Now that the Supreme Court has removed racial preference from the college admissions process, we wondered if there will be anything left for college DEI offices to do. DEI is diversity, equity and inclusion - the people who help support students from marginalized backgrounds. Paulette Granberry Russell is president of the National Association of Diversity Officers in Higher Education, and she joins us now. Welcome to the program.


RASCOE: Obviously, this isn't just idle curiosity on our part. Lawmakers in Florida and Texas have passed legislation to defund DEI offices at public universities. There are similar bills in Ohio and the Carolinas. What's the response from your members?

RUSSELL: Well, our response has been to organize and help to better educate local communities, our state legislators more broadly, the country, to support diversity, equity and inclusion. That education is an essential part of dispelling some of the myths and misrepresentations of the work.

RASCOE: What are some of those myths and misrepresentations that you feel like you're having to push back on?

RUSSELL: The first is that somehow diversity, equity and inclusion represents excluding individuals from higher education that would otherwise be situated in those spaces, absent efforts to increase diversity. And when I define diversity, I mean that broadly. It extends beyond race and gender and LGBTQ status.

RASCOE: You mean the idea that DEI efforts are a way to, say, you know, keep out white male students?

RUSSELL: Yes. It's a way of demonizing and I think playing to individuals who believe that we're engaging in efforts to exclude more deserving individuals, whether that's students, whether that's our faculty, whether it's our staff.

RASCOE: In some cases, like at the University of Arkansas, Fayetteville, the DEI office is closing, but those staff members are not losing their jobs, according to the university. Instead, they're being reassigned to places like human resources or student success centers. Is that something that your organization would support?

RUSSELL: That would not be the preferred approach. A central diversity office provides that kind of oversight, if you will, guidance, support. If the institution is saying, you know, we're looking at how many students, based on gender or race, are in the department of physics, where we know we've historically been underrepresented by women and persons of color, having a central unit helps support what's being done in that department of physics to help build the capacity of that department of physics to understand the unique ways that you have to recruit to ensure that you're getting more women and persons of color to think about physics.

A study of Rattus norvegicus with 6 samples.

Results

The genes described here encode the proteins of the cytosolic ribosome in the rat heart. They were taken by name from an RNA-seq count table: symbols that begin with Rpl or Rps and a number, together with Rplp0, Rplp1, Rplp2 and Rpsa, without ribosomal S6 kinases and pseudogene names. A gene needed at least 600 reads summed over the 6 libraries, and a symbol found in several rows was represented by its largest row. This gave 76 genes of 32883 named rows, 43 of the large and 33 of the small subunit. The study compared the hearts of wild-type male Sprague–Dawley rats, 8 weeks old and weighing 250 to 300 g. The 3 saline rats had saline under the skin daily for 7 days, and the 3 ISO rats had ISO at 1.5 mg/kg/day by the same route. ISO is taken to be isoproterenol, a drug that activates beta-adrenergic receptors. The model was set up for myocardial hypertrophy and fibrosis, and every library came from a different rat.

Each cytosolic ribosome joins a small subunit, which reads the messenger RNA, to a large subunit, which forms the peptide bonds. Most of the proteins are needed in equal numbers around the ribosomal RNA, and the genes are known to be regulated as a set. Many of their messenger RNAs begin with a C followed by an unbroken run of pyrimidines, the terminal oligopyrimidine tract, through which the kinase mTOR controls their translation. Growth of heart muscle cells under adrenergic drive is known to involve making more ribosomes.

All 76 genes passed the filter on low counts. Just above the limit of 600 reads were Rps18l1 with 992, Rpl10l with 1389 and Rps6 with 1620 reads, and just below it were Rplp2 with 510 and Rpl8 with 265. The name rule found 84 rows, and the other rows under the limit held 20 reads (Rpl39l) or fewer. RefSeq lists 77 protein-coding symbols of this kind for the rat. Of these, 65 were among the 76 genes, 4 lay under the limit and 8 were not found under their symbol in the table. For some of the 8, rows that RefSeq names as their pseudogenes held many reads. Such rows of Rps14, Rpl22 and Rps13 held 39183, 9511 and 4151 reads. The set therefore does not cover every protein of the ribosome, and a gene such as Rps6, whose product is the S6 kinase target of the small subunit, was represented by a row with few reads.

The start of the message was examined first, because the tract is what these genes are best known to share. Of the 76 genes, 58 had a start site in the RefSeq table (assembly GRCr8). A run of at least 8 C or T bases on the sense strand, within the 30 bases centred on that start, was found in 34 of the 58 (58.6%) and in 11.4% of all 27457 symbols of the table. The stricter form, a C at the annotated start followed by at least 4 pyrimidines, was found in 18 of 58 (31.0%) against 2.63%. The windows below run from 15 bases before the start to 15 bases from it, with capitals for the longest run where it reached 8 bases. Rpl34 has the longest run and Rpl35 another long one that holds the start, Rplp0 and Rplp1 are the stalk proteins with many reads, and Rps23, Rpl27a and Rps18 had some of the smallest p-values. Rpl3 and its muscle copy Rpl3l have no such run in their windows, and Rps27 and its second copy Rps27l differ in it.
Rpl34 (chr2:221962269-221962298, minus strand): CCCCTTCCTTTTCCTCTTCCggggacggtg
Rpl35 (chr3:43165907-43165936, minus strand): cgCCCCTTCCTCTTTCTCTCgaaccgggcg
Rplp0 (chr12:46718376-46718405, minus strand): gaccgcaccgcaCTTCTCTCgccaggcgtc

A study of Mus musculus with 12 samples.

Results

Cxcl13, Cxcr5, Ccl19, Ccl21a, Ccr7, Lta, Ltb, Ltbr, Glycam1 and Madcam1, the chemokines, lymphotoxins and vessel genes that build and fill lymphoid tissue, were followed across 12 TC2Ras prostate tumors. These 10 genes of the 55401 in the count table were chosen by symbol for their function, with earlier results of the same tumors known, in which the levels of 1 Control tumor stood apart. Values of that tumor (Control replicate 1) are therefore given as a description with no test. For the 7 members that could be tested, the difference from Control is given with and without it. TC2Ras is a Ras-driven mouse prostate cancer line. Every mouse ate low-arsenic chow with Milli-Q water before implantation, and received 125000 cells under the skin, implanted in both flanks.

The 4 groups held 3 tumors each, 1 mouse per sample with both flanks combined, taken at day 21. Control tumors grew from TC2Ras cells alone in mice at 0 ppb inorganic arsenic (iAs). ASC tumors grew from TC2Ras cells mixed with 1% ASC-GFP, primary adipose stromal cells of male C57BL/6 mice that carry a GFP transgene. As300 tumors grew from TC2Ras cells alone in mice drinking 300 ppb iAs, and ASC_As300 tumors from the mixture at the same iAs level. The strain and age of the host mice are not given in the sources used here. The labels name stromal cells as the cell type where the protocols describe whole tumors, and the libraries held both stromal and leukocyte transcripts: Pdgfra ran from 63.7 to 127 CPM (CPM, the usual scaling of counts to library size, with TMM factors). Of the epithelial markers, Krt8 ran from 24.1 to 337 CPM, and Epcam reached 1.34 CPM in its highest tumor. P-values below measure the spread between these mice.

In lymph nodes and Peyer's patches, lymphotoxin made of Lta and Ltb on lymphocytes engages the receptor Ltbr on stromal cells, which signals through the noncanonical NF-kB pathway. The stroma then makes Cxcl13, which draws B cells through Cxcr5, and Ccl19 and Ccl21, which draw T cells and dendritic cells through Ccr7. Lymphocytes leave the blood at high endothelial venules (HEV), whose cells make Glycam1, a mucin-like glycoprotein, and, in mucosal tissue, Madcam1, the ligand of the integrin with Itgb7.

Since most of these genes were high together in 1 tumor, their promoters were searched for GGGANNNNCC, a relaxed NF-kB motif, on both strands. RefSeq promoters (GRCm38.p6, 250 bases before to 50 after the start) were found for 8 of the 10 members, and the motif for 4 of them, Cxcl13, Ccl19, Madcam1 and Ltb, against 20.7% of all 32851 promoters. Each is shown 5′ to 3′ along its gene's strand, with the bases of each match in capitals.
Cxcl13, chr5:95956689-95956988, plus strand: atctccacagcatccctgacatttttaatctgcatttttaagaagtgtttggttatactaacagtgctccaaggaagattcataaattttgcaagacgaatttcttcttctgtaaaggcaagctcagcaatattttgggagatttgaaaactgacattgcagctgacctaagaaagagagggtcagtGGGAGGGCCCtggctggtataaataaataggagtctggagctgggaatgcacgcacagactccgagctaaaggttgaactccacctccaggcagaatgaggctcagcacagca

RASCOE: Do you have any worry that the Supreme Court may also at some point say that specific outreach to certain groups or looking at the numbers and saying, you know, say, in physics, that, you know, these groups are underrepresented, that that type of targeted recruiting could also run afoul of, you know, what they - how they view the Constitution?

RUSSELL: Well, you know, I think what the court is addressing are the decisions that are being made to admit students, which is very different from this question of how you recruit. But I guess at this point, many of us are questioning, how far is the reach of that opinion?

RASCOE: What is your advice for students who are watching all of this play out right now?

RUSSELL: I think students need to do as much homework as they can about the institution. I think too often students - if they're first generation, they have no real understanding sometimes, nor do they have members within their family who can guide them in that process. But be more scrutinizing about what you see. Ask about the programs that you have that support students like me - OK? - in the way that - what's important to me?

I'm interested in music. Tell me more about the programs and the ways in which you support students in music. You know, it's that sense of, is this going to be a place that I feel wanted, welcome, supported? Too often I think our students or prospective students - they've identified the school that they want to go to and whatever it is that attracts them to it. But they don't often know how to advocate for themselves. Learning to do that is very important.

RASCOE: That's Paulette Granberry Russell. She is the president of the National Association of Diversity Officers in Higher Education. Thank you so much.

RUSSELL: Thank you. Transcript provided by NPR, Copyright NPR.